Published: Mon, June 26, 2017
Markets | By Noel Gibbs

Italy makes 5.2B euros in resources to keep 2 banks afloat

The EC's competition commissioner, Margrethe Vestager, said allowing Italy to use state aid would "avoid an economic disturbance in the Veneto region".

"Italy will support the sale and integration of some activities and the transfer of employees to Intesa Sanpaolo", and said the action will "also remove $18 billion ($20 billion) in non-performing loans from the Italian banking sector and contribute to its consolidation".

"The government has utilised European rules in the best possible way", said Italian finance minister Pier Carlo Padoan on Sunday. In its turn, Intesa symbolically invested one euro and insisted that its own dividend policy remains intact.

Italy's premier says holders of accounts in two troubled Italian banks will have their savings guaranteed despite insolvency proceedings.

European Central Bank President Mario Draghi speaks on Monday, before a meeting of central bankers in Portugal later in the week.


The yen dipped 0.2 per cent to 111.43 per dollar while sterling, on the up since more Bank of England policymakers have either called or said they are likely to call for higher interest rates, rose 0,1 per cent to $1.2741.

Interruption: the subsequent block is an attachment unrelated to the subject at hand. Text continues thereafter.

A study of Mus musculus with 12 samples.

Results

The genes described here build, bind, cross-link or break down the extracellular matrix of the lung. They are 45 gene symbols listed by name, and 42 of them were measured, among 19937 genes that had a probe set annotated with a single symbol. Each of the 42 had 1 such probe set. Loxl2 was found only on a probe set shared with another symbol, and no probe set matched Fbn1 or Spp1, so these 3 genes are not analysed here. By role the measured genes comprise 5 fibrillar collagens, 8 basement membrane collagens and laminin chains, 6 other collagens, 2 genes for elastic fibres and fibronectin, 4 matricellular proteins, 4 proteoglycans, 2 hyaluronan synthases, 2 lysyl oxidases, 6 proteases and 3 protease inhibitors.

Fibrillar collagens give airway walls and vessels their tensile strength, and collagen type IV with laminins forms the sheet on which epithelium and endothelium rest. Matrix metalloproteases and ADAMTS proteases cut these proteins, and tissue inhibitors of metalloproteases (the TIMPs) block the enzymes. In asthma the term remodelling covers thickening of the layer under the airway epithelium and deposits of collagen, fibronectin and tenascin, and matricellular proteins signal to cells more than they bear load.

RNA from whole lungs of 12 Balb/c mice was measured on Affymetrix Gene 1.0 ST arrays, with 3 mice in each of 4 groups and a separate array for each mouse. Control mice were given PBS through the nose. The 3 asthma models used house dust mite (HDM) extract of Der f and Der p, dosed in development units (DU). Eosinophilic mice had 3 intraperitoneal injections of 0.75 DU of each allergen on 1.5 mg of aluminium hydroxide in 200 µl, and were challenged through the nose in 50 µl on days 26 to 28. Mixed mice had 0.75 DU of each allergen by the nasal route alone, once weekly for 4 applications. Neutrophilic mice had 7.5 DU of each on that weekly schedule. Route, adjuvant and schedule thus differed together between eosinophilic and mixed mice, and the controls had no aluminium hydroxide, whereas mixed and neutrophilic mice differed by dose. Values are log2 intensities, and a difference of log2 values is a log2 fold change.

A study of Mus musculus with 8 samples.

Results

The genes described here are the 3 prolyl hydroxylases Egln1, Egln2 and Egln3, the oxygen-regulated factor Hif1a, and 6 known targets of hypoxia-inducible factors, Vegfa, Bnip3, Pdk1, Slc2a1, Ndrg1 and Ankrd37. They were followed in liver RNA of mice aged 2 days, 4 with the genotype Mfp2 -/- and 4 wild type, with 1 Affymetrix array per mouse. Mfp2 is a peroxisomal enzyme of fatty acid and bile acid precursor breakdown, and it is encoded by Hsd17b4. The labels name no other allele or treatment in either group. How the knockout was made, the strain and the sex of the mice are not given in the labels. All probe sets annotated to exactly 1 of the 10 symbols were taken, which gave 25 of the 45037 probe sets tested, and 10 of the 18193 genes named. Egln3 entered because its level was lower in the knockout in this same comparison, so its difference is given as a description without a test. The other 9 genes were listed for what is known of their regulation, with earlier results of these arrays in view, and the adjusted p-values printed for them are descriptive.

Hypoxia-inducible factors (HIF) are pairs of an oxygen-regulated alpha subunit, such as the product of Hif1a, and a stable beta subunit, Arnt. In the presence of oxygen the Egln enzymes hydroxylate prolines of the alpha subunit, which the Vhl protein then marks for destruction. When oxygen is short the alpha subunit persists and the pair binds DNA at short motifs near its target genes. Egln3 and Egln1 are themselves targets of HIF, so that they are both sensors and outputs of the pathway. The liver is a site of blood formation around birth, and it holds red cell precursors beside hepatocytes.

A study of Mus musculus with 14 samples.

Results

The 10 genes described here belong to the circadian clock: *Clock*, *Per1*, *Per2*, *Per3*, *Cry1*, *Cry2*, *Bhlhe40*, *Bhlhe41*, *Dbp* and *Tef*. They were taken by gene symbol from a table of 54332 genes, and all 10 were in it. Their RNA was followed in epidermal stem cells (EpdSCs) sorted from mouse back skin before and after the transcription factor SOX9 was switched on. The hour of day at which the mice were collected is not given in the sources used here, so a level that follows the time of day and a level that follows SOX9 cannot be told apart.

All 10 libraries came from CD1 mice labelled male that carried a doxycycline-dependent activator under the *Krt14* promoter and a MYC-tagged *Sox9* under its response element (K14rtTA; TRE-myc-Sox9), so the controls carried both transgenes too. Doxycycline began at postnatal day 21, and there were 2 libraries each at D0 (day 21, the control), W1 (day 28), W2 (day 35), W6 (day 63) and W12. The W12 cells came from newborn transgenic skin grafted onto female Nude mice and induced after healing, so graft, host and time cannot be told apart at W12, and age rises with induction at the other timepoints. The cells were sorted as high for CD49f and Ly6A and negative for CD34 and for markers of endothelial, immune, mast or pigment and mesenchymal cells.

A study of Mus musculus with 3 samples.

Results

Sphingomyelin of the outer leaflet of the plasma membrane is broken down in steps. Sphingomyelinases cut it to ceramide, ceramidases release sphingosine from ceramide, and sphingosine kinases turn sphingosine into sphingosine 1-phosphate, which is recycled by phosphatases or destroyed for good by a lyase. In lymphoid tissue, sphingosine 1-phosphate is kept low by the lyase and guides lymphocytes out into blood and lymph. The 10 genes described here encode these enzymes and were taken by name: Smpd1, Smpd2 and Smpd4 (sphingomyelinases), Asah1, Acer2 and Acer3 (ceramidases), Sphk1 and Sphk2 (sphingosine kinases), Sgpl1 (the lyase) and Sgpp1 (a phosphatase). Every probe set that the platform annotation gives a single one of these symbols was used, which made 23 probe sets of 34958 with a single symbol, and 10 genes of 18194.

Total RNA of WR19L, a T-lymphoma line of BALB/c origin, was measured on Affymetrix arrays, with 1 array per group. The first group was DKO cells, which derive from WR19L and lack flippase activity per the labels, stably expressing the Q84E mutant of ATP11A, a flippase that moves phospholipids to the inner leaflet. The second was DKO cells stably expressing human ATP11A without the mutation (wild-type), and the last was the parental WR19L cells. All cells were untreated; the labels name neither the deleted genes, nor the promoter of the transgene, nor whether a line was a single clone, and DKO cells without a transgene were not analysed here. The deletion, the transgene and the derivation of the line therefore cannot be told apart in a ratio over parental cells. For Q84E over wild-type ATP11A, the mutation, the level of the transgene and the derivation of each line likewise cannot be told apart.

The new Single Resolution Board intervened for the first time early this morning (7 June) to save Banco Popular, a troubled Spanish bank whose deposits were protected without using taxpayers' money after Banco Santander made a decision to acquire its assets.

The case of the Veneto banks is yet another example of Italy wriggling out of strict European Union rules built after the financial crisis to prevent taxpayers from footing the bill in the event of the collapse of such institutions as banks.

On 1 June, it agreed "in principle" to the Italian state's rescue of Monte dei Paschi di Siena (MPS), the country's fourth largest bank, which had also been worn down by massive debts and required around €9 billion.


In exchange, Rome must accept a drastic EU-approved restructuring plan for BMPS expected to involve mass layoffs. The European Central Bank, which supervises the eurozone's lenders, said Friday that the two Italian lenders didn't have enough cash to survive. That means the total cost could reach €17bn.

A Banca Popolare di Vicenza sign is seen in Rome, Italy, March 29, 2017.

Padoan said that on top of the 5.2 billion euros payment to Intesa, which includes 1.3 billion euros to cover job cuts, the state will offer guarantees to fund potential losses arising from due diligence of the two banks' soured and risky loans.